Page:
Spectroscopy may be broadly defined as the study of the interaction between matter and radiation. What makes spectroscopy truly interesting is that it’s arguably the most widely applied study method in modern science. Experimental spectroscopic studies have been central to the development of quantum mechanics, and they included the explanation of Blackbody Radiation, Photoelectric Effect and Niels Bohr's explanation of atomic structure and spectra. Since atoms and molecules have their own unique spectra response, spectroscopy can be used in Applied Chemistry to detect, identify and quantify information about particles and hence distinguish one type of matter from another. This fundamental benefit of spectroscopy has made it invaluable for Biotechnology and Life Sciences.
Expressed mathematically, spectroscopy refers to the measurement of radiation intensity as a function of wavelength. However, it can be divided into multiple types based on the type of radiative energy, and the nature of interaction between the matter and energy. In Laser Spectroscopy, researchers train a laser beam on a sample that yields a characteristic light which can be analyzed by a spectrometer. Laser Spectroscopy can, in turn, be divided into different types based on the type of laser used, and the atom's response that is studied.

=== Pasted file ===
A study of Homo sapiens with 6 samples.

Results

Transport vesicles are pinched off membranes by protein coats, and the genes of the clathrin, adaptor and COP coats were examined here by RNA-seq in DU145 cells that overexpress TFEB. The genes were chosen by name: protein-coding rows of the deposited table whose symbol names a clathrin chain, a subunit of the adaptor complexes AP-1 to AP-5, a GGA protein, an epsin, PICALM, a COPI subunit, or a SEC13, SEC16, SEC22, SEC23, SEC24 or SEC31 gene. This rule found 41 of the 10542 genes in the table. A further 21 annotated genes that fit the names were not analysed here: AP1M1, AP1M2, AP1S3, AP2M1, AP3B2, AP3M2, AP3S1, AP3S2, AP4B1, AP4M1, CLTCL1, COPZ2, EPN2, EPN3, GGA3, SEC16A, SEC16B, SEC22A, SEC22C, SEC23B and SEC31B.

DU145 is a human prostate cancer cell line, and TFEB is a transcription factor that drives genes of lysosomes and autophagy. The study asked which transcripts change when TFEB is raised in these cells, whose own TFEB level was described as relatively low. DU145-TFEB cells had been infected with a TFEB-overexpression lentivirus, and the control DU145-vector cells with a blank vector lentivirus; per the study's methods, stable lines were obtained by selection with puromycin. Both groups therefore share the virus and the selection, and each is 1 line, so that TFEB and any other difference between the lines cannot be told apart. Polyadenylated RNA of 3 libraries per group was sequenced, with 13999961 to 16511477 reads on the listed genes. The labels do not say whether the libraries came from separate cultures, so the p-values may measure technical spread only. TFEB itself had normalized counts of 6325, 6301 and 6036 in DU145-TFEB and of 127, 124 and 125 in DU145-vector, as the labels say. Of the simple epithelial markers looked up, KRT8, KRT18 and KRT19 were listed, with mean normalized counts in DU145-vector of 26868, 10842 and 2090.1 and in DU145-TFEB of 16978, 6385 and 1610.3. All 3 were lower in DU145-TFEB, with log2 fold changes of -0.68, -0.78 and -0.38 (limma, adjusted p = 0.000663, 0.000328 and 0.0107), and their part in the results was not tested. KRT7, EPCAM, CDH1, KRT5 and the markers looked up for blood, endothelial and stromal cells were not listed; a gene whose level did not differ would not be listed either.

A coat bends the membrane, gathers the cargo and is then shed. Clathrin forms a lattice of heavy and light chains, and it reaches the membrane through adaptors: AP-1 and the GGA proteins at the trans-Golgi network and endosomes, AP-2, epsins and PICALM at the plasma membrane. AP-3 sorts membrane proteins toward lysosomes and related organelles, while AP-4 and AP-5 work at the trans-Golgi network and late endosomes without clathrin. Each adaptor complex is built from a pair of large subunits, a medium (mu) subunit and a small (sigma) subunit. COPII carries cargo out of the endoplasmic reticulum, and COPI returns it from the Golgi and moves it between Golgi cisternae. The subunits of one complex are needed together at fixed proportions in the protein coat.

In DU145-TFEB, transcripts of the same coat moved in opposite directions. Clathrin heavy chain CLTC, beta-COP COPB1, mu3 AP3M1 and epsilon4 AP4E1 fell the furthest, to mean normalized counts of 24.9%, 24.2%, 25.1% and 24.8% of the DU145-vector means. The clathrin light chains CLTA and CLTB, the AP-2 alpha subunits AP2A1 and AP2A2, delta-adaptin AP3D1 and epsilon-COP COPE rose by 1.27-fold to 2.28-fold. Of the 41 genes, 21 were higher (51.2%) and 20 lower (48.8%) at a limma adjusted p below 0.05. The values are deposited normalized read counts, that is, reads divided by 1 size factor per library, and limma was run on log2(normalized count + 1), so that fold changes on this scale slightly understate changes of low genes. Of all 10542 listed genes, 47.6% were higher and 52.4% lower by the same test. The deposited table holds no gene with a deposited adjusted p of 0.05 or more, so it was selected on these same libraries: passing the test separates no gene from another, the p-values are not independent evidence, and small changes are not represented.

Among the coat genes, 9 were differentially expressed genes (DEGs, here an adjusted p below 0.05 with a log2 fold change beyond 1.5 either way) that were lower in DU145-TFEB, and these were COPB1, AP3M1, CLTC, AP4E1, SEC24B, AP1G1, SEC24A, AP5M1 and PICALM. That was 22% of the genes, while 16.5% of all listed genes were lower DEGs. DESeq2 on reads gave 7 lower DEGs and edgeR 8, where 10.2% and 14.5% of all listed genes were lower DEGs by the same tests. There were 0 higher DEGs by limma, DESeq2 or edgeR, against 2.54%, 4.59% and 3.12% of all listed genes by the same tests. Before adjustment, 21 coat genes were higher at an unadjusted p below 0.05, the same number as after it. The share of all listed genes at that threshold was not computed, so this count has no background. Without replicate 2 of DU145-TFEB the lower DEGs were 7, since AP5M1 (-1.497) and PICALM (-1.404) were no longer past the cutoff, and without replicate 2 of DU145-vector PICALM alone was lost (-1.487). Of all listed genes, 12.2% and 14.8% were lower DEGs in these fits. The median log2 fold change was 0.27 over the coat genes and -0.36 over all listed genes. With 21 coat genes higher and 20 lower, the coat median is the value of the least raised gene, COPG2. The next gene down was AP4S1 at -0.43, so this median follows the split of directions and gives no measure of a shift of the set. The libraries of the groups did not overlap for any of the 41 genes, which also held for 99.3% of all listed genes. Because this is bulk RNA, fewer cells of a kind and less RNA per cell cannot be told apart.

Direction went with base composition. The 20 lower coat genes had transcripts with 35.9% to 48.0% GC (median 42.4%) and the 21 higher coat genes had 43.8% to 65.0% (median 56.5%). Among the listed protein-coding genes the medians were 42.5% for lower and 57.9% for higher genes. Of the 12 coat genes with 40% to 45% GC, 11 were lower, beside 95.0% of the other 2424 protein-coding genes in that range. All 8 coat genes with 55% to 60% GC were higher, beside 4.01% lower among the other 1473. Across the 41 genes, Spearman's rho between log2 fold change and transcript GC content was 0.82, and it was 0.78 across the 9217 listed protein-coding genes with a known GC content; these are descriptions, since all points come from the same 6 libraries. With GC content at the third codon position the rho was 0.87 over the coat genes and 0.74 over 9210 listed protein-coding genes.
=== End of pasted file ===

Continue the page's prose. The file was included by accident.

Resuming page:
In Laser-Induced-Breakdown Spectroscopy (LIB-S), a sample is excited with intense laser pulses and the emitted light is analyzed, which generally falls in the visible or infrared spectral region, i.e. having wavelengths longer than that of the pump source. LIBS is ideal for sample analysis as it doesn't require sample preparation, and generally, removes less than 1 gram of material during laser ablation. In Raman Spectroscopy, a substance is irradiated with a narrow-band light at a high optical power to detect the weak emission lines which arise from spontaneous or stimulated Raman Scattering1. The spectrum of Raman Scattered light contains information about molecular vibrations, and helps identify key properties of the material – such as wavenumber scale for example, which is essential in pharma-applications.
The past few years have seen a surge in Biotech applications that use laser spectroscopy. Raman Spectroscopy in conjunction with dynamic light scattering techniques determines stability and structure of proteins, essential for developing drugs. Another fascinating Life Science application with Near Infrared Spectroscopy is the diagnosis of neonatal brain injury. LIBS is emerging as a tool of choice to determine inorganic composition of biomass, prior to converting biomass into hydrocarbon fuels. A newly developed Raman Imager is 1000 times faster than conventional Raman microscopes, and uses vibrational spectroscopic technology to get near real-time images of organs to detect tumors and observe cell activity.
These are just a few of the advanced biotechnology applications that have benefited from using laser spectroscopic techniques. As methods and associated technology advances, we can only expect to learn about many more life science applications being enabled by this technique.